DVC faces its largest decline in international enrollment


Ali Lee

Zi Ping Ye, left, and Dun Wong, say it’s fine to be an international student in the U.S. right now.

Ali Lee and Chris Core

Diablo Valley College was hit with its largest decline in international students, reaching an all time low enrollment on record.

An unexpected 11 percent drop in international students attending DVC this semester recently came to the school’s attention.

According to DVC interim President, Ted Wieden, the most significant drops in international student enrollment came from China, Korea, Indonesia and Hong Kong.

“The decline in international enrollment will reduce enrollment income from international students,” Wieden said, addressing concerns about the dip. “In addition, fewer international students reduces the cultural benefit that the college gets by having many students from different countries on our campuses.”

Wieden was not able to confirm exactly how much the school’s income has been affected by the decrease in international enrollment.

Although the decline will affect DVC negatively, Wieden does not have any plans to change the way students are recruited for enrollment overseas at this moment.

President of the International Students Club Benedictus Jovan believes there’s still hope for international students.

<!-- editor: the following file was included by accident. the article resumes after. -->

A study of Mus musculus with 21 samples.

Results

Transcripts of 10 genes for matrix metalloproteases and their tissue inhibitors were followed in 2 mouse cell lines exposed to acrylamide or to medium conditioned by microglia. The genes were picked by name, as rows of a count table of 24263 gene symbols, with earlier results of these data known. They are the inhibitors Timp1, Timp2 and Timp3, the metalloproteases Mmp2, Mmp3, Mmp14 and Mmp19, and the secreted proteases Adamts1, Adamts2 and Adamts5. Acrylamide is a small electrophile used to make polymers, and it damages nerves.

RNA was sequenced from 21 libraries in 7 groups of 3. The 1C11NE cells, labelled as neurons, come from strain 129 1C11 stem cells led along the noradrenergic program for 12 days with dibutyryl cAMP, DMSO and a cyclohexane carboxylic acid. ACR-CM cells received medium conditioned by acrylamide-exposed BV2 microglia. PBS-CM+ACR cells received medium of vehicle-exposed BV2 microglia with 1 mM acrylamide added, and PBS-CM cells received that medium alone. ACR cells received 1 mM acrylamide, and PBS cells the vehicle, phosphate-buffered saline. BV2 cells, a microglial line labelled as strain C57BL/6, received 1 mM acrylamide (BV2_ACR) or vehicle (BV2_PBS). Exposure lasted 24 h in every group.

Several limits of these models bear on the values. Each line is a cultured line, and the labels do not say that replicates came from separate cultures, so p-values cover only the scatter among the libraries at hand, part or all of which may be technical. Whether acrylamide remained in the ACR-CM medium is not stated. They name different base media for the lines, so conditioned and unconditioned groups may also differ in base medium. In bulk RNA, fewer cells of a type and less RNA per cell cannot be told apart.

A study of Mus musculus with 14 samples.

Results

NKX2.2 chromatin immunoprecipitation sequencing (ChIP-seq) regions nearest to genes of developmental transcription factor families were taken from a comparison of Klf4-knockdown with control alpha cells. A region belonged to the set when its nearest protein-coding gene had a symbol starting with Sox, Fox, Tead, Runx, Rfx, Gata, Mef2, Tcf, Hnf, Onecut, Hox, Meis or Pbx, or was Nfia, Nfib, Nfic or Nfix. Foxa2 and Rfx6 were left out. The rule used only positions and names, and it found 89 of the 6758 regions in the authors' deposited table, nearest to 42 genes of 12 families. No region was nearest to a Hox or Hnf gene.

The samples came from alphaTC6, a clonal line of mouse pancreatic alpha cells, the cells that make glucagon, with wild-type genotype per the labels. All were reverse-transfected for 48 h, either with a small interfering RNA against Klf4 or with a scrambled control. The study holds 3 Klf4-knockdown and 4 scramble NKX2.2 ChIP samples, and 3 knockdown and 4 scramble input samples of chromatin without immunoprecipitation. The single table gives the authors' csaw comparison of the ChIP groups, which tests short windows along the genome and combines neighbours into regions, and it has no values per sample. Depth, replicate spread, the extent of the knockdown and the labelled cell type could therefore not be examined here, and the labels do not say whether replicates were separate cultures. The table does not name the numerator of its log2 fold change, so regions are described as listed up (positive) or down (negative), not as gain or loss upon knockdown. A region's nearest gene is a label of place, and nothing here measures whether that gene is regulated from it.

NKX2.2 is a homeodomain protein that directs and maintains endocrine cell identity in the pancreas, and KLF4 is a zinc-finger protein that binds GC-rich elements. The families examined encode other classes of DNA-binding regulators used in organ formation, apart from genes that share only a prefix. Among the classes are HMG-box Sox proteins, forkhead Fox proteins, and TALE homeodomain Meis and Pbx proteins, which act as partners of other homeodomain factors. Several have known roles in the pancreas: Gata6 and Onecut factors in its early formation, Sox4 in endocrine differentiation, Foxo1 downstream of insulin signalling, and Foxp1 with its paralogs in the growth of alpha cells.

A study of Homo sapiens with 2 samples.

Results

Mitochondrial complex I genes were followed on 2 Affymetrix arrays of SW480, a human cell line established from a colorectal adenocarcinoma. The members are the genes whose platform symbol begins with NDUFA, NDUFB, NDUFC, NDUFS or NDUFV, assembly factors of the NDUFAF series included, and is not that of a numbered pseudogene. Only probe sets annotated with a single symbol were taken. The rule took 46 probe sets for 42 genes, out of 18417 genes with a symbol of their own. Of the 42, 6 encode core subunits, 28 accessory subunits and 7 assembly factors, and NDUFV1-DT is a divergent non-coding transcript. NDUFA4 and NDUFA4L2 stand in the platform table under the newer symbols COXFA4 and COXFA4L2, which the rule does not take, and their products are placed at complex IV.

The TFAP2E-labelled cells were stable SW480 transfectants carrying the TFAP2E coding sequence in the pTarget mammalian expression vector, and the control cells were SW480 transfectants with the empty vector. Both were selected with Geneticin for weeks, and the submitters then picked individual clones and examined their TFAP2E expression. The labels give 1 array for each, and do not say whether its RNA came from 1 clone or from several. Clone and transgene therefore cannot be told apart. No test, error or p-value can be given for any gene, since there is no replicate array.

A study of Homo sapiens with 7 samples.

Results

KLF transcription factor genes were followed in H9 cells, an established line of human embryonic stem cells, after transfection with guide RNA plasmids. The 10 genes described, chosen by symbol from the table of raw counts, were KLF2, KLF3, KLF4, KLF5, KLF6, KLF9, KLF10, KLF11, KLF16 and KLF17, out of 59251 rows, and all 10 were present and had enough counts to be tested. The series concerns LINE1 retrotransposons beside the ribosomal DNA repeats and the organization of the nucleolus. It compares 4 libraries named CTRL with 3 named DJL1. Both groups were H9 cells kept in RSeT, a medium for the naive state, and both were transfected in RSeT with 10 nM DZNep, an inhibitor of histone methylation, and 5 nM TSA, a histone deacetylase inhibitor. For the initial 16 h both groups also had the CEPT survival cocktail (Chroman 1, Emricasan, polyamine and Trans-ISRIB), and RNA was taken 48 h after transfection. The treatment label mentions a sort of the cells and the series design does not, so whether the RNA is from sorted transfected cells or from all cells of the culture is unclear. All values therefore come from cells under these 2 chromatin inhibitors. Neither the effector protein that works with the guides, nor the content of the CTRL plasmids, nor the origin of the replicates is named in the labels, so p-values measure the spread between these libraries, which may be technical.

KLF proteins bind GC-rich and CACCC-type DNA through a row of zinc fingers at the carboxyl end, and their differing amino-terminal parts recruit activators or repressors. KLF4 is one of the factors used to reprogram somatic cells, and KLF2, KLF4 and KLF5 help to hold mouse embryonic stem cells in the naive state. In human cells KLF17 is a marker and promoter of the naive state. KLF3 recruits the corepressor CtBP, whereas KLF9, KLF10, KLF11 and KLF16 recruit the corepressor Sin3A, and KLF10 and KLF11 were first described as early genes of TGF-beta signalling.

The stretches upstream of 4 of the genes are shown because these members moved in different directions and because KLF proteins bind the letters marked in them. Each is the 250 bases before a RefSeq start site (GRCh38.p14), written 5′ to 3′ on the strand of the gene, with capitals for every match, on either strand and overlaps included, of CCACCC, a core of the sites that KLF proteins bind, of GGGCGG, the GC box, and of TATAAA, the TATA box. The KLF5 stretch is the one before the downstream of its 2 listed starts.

“At first I was a bit surprised to hear about it. Certainly with this drop there will be some concerns over membership numbers and other things,” Jovan said. “However, I think it also gives our club, and maybe other clubs as well, an incentive to be better and to strive for our goals.”

This decline in international student enrollment has not only affected DVC, but is also affecting colleges nationwide.

The American Association of Collegiate Registrars stated that they found a 39 percent decrease from the universities they studied, with the highest decrease in international enrollment coming from students in the Middle East.

While the decline affects DVC and the nation’s colleges, many international students who are currently enrolled at DVC did not know about the decline or why it might be occurring.

Jihye Jung said, “I came here to study to create an education for myself rather than in Korea.” Another goal of hers while studying in the United States is to improve her English.

Ali Lee
Jihye Jung, a computer science major from Korea, feels welcomed in her first semester at DVC.

Akbar Sayakov, a computer science major from Kazakhstan, said that he believed the decline was caused by not having enough advertisement for students to learn about DVC in places such as Kazakhstan.

Seulki Kim, a student from South Korea who is majoring in bioengineering, feels that DVC creates a positive atmosphere.

“I do feel welcomed here at DVC, but it is still hard,” Kim said. “The international student services are very helpful.”